Modern societies are obsessed with innovation. In June 2015, Google searches returned 389 million hits for “innovation,” easily beating “terrorism” (92 million), “economic growth” (91 million), and “global warming” (58 million). We are to believe that innovation will open every conceivable door: to life expectancies far beyond 100 years, to the merging of human and machine consciousness, to essentially free solar energy.
This uncritical genuflection before the altar of innovation is wrong on two counts: It ignores those big, fundamental quests that have failed after spending huge sums on research. And it has little to say about why we so often stick to an inferior practice even when we know there’s a superior course of action.
The fast breeder reactor, so called because it produces more nuclear fuel than it consumes, is one of the most remarkable examples of a prolonged and costly innovation failure. In 1974 General Electric predicted that by 2000 about 90 percent of the United States’ electricity would come from fast breeders. GE merely reflected a widespread expectation: During the 1970s, the governments of France, Japan, the Soviet Union, the United Kingdom, and the United States were all investing heavily in the development of breeders. But high costs, technical problems, and environmental concerns led to shutdowns of British, French, Japanese, U.S. (and also smaller German and Italian) programs, while China, India, Japan, and Russia are still operating experimental reactors. After the world as a whole has spent well above US $100 billion in today’s money over some six decades of effort, there is no real commercial payoff.
Other promised fundamental innovations that still are not commercial concerns include supersonic passenger flight, magnetic levitation trains, and thermonuclear energy. The last one is perhaps the most notorious example of an ever-receding innovative achievement.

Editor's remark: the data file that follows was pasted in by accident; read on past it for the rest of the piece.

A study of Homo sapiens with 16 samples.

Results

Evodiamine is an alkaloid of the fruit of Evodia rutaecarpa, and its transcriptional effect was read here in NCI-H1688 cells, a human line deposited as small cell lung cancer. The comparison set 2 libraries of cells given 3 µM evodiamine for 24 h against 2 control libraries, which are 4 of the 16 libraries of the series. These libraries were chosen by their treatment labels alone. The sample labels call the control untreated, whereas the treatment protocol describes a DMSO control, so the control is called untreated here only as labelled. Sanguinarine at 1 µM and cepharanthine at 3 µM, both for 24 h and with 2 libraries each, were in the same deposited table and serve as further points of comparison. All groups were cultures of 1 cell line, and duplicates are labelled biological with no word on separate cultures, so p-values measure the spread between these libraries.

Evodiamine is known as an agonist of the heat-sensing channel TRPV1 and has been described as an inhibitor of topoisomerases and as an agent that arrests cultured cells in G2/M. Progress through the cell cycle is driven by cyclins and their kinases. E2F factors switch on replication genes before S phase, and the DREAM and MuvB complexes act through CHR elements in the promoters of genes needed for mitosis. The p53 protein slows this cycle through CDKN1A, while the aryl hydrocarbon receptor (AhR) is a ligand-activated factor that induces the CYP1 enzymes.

The second category of failed innovations—things we keep on doing even though we know we shouldn’t—range from quotidian practices to theoretical concepts. Why are we boarding flights from back to front when we know of better ways? And there’s no need to go for the best but organizationally tricky Steffen method, in which passengers fill a plane from the back to the front, windows first, skipping every other row so that everyone has more space to get settled. We might do even better by seating people in a reverse pyramid, alternately boarding them at the back and at the front simultaneously (spreading things out to minimize bottlenecks), or simply by abolishing assigned seating.
Why do we keep imposing “daylight saving time” changes semiannually when we know they don’t really save anything?
And why do we measure the progress of economies by gross domestic product? GDP is simply the total annual value of all goods and services transacted in a country. It rises not only when lives get better and economies progress but also when bad things happen to people or to the environment. Higher alcohol sales, more driving under the influence, more accidents, more emergency-room admissions, more injuries, more people in jail—GDP goes up; more illegal logging in the tropics, more deforestation and biodiversity loss, higher timber sales—again, GDP goes up. We know better, but we still worship high annual GDP growth rate, regardless of where it comes from.
Why do we love wild and crazy innovation when there is so much practical innovation waiting to be implemented? Why do we not improve the boarding of planes rather than delude ourselves with visions of hyperloop trains and eternal life?
About the Author
Vaclav Smil, a distinguished professor emeritus at the University of Manitoba, in Canada, writes about energy, globalization, technology, agriculture and history.
Vaclav Smil writes Numbers Don't Lie, IEEE Spectrum's column devoted to the quantitative analysis of the material world. Smil does interdisciplinary research focused primarily on energy, technical innovation, environmental and population change, food and nutrition and on historical aspects of these developments. He has published 40 books and nearly 500 papers on these topics. He is a Distinguished Professor Emeritus at the University of Manitoba and a Fellow of the Royal Society of Canada (Science Academy). In 2010 he was named by Foreign Policy as one of the top 100 global thinkers, in 2013 he was appointed as a Member of the Order of Canada, and in 2015 he received OPEC Award for research on energy. He has also worked as a consultant for many US, EU and international institutions, has been an invited speaker in more than 400 conferences and workshops and has lectured at many universities in the North America, Europe and Asia (particularly in Japan).